The internal rift at Patelco Credit Union has widened.
A majority of the board and the senior managers of the $1 billion-asset institution has asked the Justice Department to investigate evidence that credit union insiders defrauded the government in order to kill an acquisition.
Separately, the San Francisco credit union's supervisory committee - an entity apart from the board - is probing the accusers for alleged management abuses.
The internal finger-pointing all started as Patelco tried to pull off the biggest merger in credit union history by combining with First Technology Federal Credit Union in Beaverton, Ore. The merger divided the institution, with each side accusing the other of serious criminal misconduct.
In an April 18 letter to the National Credit Union Administration, Patelco chairman Carol Sorrick charged that merger opponents had forged a letter from the late chairman of the credit union, Lael L. Berkstresser.
Ms. Berkstresser, who died Jan. 7, was a solid supporter of the merger. However, the undated letter, which was received by the NCUA on Jan. 19, opposed Patelco's combination with First Technology.
Ms. Sorrick said the letter "constitutes a knowing and willful falsification of material facts concerning the merger, designed to defraud NCUA in its consideration of the application."
She asked the agency to make a criminal referral to the Justice Department regarding the matter. Patelco directly asked the department to investigate the letter on April 11, according to NCUA General Counsel Robert M. Fenner.
Ms. Sorrick also forwarded to the NCUA an anonymous letter of apology to Patelco chief executive Edgar F. Callahan from someone who claims to have been conspiring to oust him.
That March 21 letter states that "board members, (supervisory) committee members, a few staff, and a former employee" felt "stepped on" by the merger and decided to work together to topple Mr. Callahan. The letter suggests that it was this group who forged the letter from Ms. Berkstresser.
"Before Lael got sick, we began laying plans, watching and waiting for the right time. When she died, a door opened," the letter states. "Somewhere along the way, the plan got out of hand. Now I am adamantly opposed to what they are doing."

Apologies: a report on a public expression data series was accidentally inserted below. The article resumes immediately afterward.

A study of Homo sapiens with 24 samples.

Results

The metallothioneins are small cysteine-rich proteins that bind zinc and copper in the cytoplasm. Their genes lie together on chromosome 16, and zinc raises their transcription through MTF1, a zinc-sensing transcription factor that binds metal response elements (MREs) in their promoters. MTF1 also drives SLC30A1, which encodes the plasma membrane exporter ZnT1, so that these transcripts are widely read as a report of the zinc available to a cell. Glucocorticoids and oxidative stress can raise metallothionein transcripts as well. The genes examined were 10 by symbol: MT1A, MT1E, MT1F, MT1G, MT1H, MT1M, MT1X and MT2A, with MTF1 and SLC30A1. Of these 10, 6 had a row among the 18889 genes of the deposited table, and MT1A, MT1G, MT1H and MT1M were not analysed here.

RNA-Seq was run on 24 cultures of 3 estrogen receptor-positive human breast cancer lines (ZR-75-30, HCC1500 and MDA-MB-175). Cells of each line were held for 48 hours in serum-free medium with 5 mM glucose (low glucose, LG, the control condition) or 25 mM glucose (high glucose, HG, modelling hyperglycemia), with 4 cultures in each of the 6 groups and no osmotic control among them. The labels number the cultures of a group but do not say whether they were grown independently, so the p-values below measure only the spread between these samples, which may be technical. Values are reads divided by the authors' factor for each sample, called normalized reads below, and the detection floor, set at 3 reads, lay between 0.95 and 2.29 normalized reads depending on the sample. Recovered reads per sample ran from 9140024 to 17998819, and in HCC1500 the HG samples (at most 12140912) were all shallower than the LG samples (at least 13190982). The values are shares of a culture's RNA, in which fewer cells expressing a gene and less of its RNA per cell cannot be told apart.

The NCUA's Mr. Fenner would not comment on whether the agency has made a criminal referral to the Justice Department. But in an April 27 letter to Patelco, Mr. Fenner suggests it would be "moot" because Patelco already had filed a complaint directly.
The allegedly forged letter did not weigh in the agency's decision, Mr. Fenner said. He also dismissed the relevance of the anonymous apology letter, noting that Mr. Callahan has criticized other charges made anonymously.
"I see no more reason that the anonymous 'Dear Ed' letter you enclosed should be regarded as credible evidence than the anonymous submissions expressing a contrary view of which you complain," Mr. Fenner said in the letter.
NCUA officials have insisted that they are not taking sides and do not know who is telling the truth at the country's 14th-largest credit union.
But the regulator has backed Patelco's supervisory committee in its effort to investigate a range of alleged management abuses ranging from intimidating employees to destroying documents.
The committee also has gone to the San Francisco County Superior Court for support, and last month a judge upheld the committee's right to conduct an investigation.
On May 17 the court will hear a motion by the supervisory committee to dismiss a cross complaint filed by Patelco, which is charging the committee with breaching its fiduciary duty.
Mr. Callahan is angry that the NCUA has backed an investigation against the credit union, but apparently won't refer to Justice a case of potential criminal behavior.
"My only thought is they're the ones the forgery was addressed to and they have been hurt directly and we've been hurt indirectly," he said. "Here's an area that clearly needs to be investigated and the regulators aren't doing anything."
There's no doubt in the mind of Ms. Berkstresser's mother, Naomi, that her daughter did not write the letter nor share its beliefs.
"It's an absolute forgery," the elder Ms. Berkstresser said in an interview. "It's absolutely ridiculous."